Lessons from Kambwili’s conviction, imprisonment


It shouldn’t have come to this for Chishimba Kambwili. His sentencing to five months imprisonment speaks volumes on where we have come from and are in terms of our political discourse. The country has not moved on that much. We don’t conduct our politics for national good or in the nation’s interests because of the lingering tribal or regional lens! But tribe and regionalism cannot be a cornerstone of our politics in the 21st century. Certainly, darkness cannot drive darkness. It’s practically impossible. Once you veer into those territories, there must be consequences.
We should all be answerable to and for our actions!

On Thursday, the Kasama Magistrate Court
sentenced Kambwili to five months imprisonment with hard labour for hate speech. This is in a case where he was charged with the offence of expressing hatred and ridicule for the people of Southern Province based on tribe and place of origin.
Commenting on the sentence, Alliance for Community Action executive director Laura Miti said Kambwili unapologetically used tribal hate as a political tool.
“His greatest crime for me was to band all the Tonga people with his political rival, HH (Hakainde Hichilema). Yoh, my insides would turn as I would imagine what it felt like to be an ordinary citizen, who happened to be Tonga, vilified for your DNA. Cast as inherently evil,” wrote Miti, a commissioner of the Human Rights Commission, on her Facebook wall. “I hope this conviction teaches us all to never try to get benefit, or harm others, simply on the basis of something no one chooses – like tribe, race or circumstances of birth. All that said, I wish Mr Kambwili well. I hope he too has had a chance to think deeply about his ways. My guess is this will go to the High Court on appeal.”

Indeed, Kambwili should reflect on his politics and all of us should learn a lesson from this conviction. None of us is perfect but we should always tame our tongues when dealing with public or national issues.
Let’s be humane, civil in our language and see the humanity in all of us despite divergent political views and otherwise. Even when in an era of scotched earth politics, we should not accept that our politics have become unacceptably uncivil! We need cool heads and polite exchange of views, even at the height of electoral campaigns.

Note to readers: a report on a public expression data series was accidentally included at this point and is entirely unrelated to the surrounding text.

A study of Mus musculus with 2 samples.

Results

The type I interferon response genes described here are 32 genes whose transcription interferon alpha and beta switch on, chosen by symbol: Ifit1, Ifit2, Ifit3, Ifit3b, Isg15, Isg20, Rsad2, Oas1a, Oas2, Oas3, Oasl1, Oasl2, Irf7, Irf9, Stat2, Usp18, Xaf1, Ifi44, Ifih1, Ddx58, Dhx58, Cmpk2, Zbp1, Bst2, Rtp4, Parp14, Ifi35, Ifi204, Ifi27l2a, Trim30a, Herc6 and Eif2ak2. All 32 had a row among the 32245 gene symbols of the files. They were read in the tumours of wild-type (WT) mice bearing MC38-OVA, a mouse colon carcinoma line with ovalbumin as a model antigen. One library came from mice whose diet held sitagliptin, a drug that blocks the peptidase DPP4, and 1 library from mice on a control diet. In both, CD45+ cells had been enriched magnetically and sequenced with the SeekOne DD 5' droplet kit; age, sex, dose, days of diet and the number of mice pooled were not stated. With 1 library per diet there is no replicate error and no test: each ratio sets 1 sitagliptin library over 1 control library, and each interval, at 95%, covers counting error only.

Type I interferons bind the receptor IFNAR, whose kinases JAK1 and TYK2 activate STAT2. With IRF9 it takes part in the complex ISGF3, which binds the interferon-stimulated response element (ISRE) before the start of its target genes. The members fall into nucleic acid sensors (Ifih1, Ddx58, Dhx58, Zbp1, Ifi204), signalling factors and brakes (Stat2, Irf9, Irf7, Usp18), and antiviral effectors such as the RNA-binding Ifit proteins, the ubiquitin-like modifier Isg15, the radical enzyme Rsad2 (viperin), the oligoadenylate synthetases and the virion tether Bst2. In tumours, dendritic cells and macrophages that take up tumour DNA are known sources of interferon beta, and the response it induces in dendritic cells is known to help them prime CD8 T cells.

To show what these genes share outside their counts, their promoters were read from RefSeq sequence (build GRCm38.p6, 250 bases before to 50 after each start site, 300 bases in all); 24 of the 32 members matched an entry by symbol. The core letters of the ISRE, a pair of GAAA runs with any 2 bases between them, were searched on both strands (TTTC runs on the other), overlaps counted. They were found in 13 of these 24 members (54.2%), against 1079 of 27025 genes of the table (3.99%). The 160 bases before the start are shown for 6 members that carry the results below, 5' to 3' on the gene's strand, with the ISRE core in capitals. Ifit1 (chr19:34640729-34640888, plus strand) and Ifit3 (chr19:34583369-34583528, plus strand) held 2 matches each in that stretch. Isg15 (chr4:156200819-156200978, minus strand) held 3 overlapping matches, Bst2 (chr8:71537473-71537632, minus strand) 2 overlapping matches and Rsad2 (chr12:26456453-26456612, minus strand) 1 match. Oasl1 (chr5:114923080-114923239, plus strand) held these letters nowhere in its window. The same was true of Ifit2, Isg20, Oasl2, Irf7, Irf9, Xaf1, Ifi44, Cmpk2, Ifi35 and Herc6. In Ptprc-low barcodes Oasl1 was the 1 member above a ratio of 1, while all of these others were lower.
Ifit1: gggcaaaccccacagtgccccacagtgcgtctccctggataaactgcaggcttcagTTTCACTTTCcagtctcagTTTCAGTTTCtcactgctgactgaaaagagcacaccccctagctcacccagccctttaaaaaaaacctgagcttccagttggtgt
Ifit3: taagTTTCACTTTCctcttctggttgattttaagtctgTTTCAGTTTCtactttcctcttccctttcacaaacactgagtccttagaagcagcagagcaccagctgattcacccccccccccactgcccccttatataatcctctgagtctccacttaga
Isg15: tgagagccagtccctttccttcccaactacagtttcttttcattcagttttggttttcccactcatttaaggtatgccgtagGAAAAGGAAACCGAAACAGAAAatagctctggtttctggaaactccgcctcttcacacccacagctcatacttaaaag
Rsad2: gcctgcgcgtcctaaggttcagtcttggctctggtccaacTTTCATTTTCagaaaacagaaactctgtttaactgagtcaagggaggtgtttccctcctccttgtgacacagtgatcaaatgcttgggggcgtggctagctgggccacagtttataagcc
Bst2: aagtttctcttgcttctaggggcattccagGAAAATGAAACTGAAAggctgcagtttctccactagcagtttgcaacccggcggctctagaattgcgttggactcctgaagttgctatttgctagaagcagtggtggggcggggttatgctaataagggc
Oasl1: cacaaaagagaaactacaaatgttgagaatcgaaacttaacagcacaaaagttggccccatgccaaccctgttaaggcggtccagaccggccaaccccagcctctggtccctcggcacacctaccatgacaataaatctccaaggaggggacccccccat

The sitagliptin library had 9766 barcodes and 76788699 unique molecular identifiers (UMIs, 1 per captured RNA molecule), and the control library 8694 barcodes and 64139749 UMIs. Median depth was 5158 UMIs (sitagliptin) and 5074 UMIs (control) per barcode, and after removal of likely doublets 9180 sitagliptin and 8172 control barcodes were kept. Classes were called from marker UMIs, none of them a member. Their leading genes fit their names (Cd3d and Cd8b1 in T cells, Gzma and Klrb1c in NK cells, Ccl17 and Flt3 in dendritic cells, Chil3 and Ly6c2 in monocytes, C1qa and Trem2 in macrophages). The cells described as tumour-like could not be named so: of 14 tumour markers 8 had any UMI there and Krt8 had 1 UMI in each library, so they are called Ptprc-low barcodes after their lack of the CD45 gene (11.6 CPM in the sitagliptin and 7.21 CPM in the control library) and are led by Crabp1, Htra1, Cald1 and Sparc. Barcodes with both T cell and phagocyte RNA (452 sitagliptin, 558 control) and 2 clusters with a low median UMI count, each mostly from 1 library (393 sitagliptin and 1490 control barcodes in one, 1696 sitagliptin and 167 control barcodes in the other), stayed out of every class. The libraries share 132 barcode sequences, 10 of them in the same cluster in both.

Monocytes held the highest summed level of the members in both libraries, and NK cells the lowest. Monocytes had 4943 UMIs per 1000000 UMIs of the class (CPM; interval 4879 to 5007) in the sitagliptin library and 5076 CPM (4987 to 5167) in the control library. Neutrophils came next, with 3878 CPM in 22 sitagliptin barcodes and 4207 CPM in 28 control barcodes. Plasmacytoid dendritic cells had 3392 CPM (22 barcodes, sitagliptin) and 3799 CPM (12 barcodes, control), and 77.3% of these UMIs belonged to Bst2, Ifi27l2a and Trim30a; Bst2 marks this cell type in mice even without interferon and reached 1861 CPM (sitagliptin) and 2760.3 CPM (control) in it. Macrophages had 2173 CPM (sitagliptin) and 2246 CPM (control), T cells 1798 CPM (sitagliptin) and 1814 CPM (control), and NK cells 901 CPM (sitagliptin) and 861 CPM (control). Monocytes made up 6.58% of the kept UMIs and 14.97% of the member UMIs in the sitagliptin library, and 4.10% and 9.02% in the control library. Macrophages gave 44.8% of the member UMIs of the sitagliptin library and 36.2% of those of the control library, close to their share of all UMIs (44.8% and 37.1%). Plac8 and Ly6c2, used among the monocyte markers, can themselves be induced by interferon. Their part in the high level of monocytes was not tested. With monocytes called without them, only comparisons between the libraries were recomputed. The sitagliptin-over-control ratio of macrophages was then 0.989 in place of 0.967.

Globally there’s been a movement to discourage and indeed criminalise hate speech because of the evils it has occasioned in society.
‘Hate crimes’ are simply crimes that are hostile and prejudiced in their manner, when targeting a person merely as a result of their disability, race or ethnicity, religion or belief, sexual orientation and transgender identity.
While we must vigorously support free speech, we should always condemn hate speech regardless the mouth expressing it.

Germany Kent guides that, “Speak with caution. Even if someone forgives harsh words you have spoken, they may be too hurt to ever forget them. Don’t leave a legacy of pain and regret of things you never should have said.”

This lesson is not only for Kambwili, it is also for other politicians, especially those in the ruling party. They may not express hate speech openly but through actions. And people are able to interpret these actions correctly. So, all our leaders, starting with the President, should use a language, actions, and expressions that unite the country. There is no need of harbouring grudges throughout and you keep complaining about the same things at every podium. Please move on and show that you are a leader for every Zambian. Otherwise, your perpetual complaints about the same things will eventually alienate other Zambians. Show leadership by breaking away from the past. Embrace the future and build on it.